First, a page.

A whetstone is a block or stone you use to sharpen a knife’s edge. Your kitchen knives require maintenance to get the quality cuts and slices needed for mouthwatering meals. A whetstone, sometimes known as a “stone,” is an excellent method to reshape your blade’s edge for high-quality sharpness.
A dull knife can be dangerous because it will require extra effort that can lead to slipping or unwanted slices. That is why learning how to test knife sharpness is a good idea, so you get the predictability of a well-sharpened edge.
Is it Good to Sharpen a Knife with a Whetstone?
In general, whetstones are a perfectly acceptable method of sharpening a kitchen knife. Your goal is to hone the blade and not grind away materials. You want to reshape the edge, and a whetstone can do this, especially when oil is used as a lubricant.
- According to the bevel, excellent control over the angle you are hoping to achieve on your knife.
- Shaves off little to no materials, depending on the type of whetstone you are using.
- A well-sourced whetstone will not be rough to damage your knives.
- The only way to get good with a whetstone is to do it repeatedly. This is not an easy-to-master skill without time.
- You have to use a form of liquid to prepare the whetstone for sharpening.
- A poor-quality whetstone can remove materials from the edge of your stone.
Tools for the Job
Here are a few items you’ll need for sharpening a knife with a whetstone. These are in no particular order.
- The dull knives you wish to sharpen
- A quality sourced whetstone
- A small sink or tub to soak the whetstone
- Oil or other appropriate liquid for a lubricant
- A microfiber cloth for when you are done
- A kitchen towel
- Angle guide (optional)
Steps to Sharpen a Knife with a Whetstone
Take your time with this process, as you do not want to risk cutting yourself or damaging your kitchen knives.
- Decide on a coarse whetstone (for dull knives) or a fine grit whetstone (for sharper blades).
- Soak the whetstone for about 15 – 20 minutes (5 minutes for a fine grit whetstone) in water.
- Pick up your whetstone and place it in the center of a towel that has been folded on a flat workspace. This is when you would use your optional angle guide at the bottom of the whetstone surface.
- Place your knife on the whetstone diagonally, so the tip is at the top left corner of the stone. Place two fingers at the tip and hold your knife around a 20-degree angle, then slowly and firmly drag the tip towards yourself.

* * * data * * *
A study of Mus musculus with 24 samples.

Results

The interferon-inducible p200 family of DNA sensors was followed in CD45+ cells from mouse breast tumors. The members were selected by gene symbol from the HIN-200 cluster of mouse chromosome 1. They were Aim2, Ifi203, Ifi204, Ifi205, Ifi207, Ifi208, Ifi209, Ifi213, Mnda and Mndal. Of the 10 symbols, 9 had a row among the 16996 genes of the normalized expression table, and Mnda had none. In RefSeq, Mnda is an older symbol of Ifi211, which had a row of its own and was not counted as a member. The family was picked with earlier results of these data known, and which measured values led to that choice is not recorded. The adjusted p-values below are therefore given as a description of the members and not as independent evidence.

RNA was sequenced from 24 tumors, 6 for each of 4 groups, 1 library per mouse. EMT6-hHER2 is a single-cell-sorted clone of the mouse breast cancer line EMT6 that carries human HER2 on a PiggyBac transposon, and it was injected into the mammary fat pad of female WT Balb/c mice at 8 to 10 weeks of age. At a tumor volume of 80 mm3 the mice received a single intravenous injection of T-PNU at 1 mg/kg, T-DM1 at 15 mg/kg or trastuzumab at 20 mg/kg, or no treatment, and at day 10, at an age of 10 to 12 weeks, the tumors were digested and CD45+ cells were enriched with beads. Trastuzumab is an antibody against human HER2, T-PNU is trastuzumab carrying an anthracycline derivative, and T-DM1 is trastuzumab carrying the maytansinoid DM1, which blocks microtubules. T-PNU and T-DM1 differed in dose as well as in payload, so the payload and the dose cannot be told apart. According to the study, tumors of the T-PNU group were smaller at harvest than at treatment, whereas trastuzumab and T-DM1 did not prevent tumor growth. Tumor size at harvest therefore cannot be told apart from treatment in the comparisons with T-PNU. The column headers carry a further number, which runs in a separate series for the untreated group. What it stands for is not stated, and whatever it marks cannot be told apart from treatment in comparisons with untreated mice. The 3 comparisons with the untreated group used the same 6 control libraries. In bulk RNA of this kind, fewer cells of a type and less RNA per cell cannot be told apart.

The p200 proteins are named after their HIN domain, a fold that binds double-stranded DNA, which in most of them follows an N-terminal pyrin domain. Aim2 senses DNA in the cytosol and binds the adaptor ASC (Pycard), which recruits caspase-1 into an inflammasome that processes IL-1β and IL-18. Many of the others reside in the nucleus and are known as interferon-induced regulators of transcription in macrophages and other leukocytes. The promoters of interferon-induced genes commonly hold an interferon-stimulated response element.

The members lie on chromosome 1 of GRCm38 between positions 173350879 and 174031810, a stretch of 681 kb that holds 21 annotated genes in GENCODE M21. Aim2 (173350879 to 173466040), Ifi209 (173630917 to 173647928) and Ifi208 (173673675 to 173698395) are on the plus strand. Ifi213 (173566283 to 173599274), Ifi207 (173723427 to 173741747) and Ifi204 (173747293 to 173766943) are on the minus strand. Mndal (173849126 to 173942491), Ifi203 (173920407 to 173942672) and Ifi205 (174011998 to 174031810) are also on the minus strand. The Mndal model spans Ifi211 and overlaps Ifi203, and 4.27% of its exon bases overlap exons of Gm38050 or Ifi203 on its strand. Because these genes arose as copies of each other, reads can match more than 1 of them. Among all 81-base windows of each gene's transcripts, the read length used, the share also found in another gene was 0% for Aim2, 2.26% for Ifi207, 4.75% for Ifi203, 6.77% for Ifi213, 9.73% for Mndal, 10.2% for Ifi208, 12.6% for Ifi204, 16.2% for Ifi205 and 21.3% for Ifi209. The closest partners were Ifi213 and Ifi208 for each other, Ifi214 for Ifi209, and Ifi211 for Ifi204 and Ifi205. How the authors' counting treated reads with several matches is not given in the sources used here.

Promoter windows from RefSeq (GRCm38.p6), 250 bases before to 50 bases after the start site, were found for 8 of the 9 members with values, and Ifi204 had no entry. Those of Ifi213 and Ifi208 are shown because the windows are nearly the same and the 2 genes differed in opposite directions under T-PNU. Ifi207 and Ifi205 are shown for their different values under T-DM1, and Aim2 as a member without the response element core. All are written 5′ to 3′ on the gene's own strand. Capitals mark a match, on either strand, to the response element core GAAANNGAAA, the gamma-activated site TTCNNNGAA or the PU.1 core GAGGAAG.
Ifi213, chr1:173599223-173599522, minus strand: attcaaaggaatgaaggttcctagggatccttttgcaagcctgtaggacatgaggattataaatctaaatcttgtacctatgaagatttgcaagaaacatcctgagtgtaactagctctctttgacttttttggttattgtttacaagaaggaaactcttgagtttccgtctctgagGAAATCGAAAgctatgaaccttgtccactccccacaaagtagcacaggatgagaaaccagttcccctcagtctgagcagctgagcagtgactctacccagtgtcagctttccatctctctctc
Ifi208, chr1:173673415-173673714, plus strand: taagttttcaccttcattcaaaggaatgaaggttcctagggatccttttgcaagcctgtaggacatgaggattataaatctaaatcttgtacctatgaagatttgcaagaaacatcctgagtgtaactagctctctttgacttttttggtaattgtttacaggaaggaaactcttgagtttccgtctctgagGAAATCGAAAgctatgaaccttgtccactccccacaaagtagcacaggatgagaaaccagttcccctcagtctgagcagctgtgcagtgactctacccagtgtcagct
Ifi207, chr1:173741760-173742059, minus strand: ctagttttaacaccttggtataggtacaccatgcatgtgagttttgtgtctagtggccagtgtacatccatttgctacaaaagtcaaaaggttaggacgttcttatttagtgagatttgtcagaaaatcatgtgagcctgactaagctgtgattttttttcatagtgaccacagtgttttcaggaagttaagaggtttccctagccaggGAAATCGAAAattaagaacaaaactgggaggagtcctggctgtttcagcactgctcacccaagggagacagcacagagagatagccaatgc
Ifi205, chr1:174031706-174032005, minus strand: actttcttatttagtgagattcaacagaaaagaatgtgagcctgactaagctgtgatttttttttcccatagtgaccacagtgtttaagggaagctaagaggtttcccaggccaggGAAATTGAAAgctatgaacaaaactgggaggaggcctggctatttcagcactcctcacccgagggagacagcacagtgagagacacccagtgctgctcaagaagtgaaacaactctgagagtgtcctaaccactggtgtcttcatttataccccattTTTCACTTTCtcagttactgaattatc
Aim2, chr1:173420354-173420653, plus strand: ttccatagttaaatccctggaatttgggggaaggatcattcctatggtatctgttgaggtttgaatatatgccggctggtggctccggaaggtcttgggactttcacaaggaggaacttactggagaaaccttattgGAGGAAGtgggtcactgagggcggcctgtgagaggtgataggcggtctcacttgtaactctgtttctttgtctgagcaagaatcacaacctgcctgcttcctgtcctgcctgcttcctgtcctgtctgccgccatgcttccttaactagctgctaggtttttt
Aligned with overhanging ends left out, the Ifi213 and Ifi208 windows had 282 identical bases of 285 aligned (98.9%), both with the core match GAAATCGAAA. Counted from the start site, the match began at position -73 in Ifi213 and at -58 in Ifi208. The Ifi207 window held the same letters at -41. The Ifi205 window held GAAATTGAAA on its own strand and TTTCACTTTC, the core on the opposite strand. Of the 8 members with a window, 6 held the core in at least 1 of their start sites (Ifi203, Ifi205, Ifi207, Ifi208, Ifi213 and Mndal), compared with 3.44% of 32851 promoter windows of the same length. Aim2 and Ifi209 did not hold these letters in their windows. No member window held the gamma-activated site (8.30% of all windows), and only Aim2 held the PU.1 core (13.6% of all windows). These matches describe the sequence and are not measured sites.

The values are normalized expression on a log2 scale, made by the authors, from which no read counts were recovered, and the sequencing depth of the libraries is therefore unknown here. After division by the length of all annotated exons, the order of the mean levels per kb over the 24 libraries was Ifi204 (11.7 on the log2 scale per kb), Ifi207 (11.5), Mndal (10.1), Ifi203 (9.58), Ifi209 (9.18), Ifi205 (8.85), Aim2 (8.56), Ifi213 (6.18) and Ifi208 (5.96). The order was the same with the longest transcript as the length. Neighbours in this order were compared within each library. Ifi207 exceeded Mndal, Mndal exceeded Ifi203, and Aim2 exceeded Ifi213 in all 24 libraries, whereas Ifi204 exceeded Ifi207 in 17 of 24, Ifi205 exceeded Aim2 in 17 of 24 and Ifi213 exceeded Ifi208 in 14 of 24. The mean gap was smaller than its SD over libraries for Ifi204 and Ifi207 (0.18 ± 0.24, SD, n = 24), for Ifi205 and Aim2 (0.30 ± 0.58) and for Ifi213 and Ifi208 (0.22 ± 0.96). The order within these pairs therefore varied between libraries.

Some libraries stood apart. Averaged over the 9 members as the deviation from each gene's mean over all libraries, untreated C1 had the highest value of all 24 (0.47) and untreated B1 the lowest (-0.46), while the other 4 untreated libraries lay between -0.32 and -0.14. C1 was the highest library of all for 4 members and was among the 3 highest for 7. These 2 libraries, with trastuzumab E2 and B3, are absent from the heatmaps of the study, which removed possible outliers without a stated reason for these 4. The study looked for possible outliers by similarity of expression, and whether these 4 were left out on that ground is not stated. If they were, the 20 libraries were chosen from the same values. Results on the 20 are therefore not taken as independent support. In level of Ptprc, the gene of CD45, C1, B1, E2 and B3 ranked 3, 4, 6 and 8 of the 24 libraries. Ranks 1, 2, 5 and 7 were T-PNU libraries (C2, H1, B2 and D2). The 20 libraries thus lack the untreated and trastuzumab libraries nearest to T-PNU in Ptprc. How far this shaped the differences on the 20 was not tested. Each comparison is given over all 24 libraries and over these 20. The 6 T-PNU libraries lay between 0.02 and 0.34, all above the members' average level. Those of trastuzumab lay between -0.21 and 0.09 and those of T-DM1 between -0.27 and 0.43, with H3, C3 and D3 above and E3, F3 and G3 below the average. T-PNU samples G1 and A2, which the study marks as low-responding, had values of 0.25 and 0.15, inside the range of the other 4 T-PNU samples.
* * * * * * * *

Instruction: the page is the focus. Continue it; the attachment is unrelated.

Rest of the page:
- Release and repeat down the length of the blade until you get the sharpness you desire. Depending on how dull it was to start, you’re probably looking at least 10 strokes per side or more. You should feel a burr on the knife’s edge when you are close (using a coarse grit) to being done.
- Flip the knife and repeat the process. This time place the tip of the blade at the bottom right corner and drag it away from yourself.
- Repeat the sharpening strokes.
- Wash and dry your knife using the microfiber cloth to remove any leftover metal remnants.
- Test your blade out on a tomato or another method to ensure it is the correct amount of sharpness.
Best Whetstone for Knife Sharpening
If you are unsure where to begin using a whetstone for your knife sharpening needs, we suggest picking up the Wusthof Gourmet Tri-Stone Sharpener. This is actually 3 different whetstones in one package, including:
- Coarse (240#) Stone
- Medium (1000#) Stone
- Fine (3000#) Stone
There is also a useful little empty container for storing the oils you prefer to use for sharpening and a wooden tray to hold everything together. You may still want to use a towel under the tray just to be sure nothing moves.
- Highly convenient with 3 different sharpening stones and a small container for oil.
- It comes with a premium wood tray to hold everything together.
- Allows for complete versatility in the kitchen with any knife that needs attention.
- Great for beginners.
- Stones may slide off if dropped repeatedly.
- Takes a bit of time for the wood and stones to dry completely after use.
- Mainly meant for beginners or home kitchens.
Alternative Tools for Sharpening a Knife
Other tools often pop up in conversations about keeping your kitchen knives sharp. These include using an electronic or handheld sharpener, honing steel, or even a Dremel tool. The goal is to reshape the edge and not harm the longevity of your blades, so the best solutions are honing steel or a whetstone.
In all cases, you want to be exceptionally careful and learn the skill of sharpening your blades over time. Don’t rush and accidentally cut anything. Be patient, and you will find a natural affinity for finding the best sharpness over time.
Having the right tools for any job is critical to success. The same is true for keeping your kitchen knives sharp, so you can get a quality cut or slice when you need it most. This ensures the safety and quality of ingredients when it comes time for cooking. Using a whetstone to keep your blades sharp is a good alternative. With a bit of practice and the proper grade of coarseness, you can get a high-quality outcome from using a whetstone in your kitchen. Good luck, and be safe!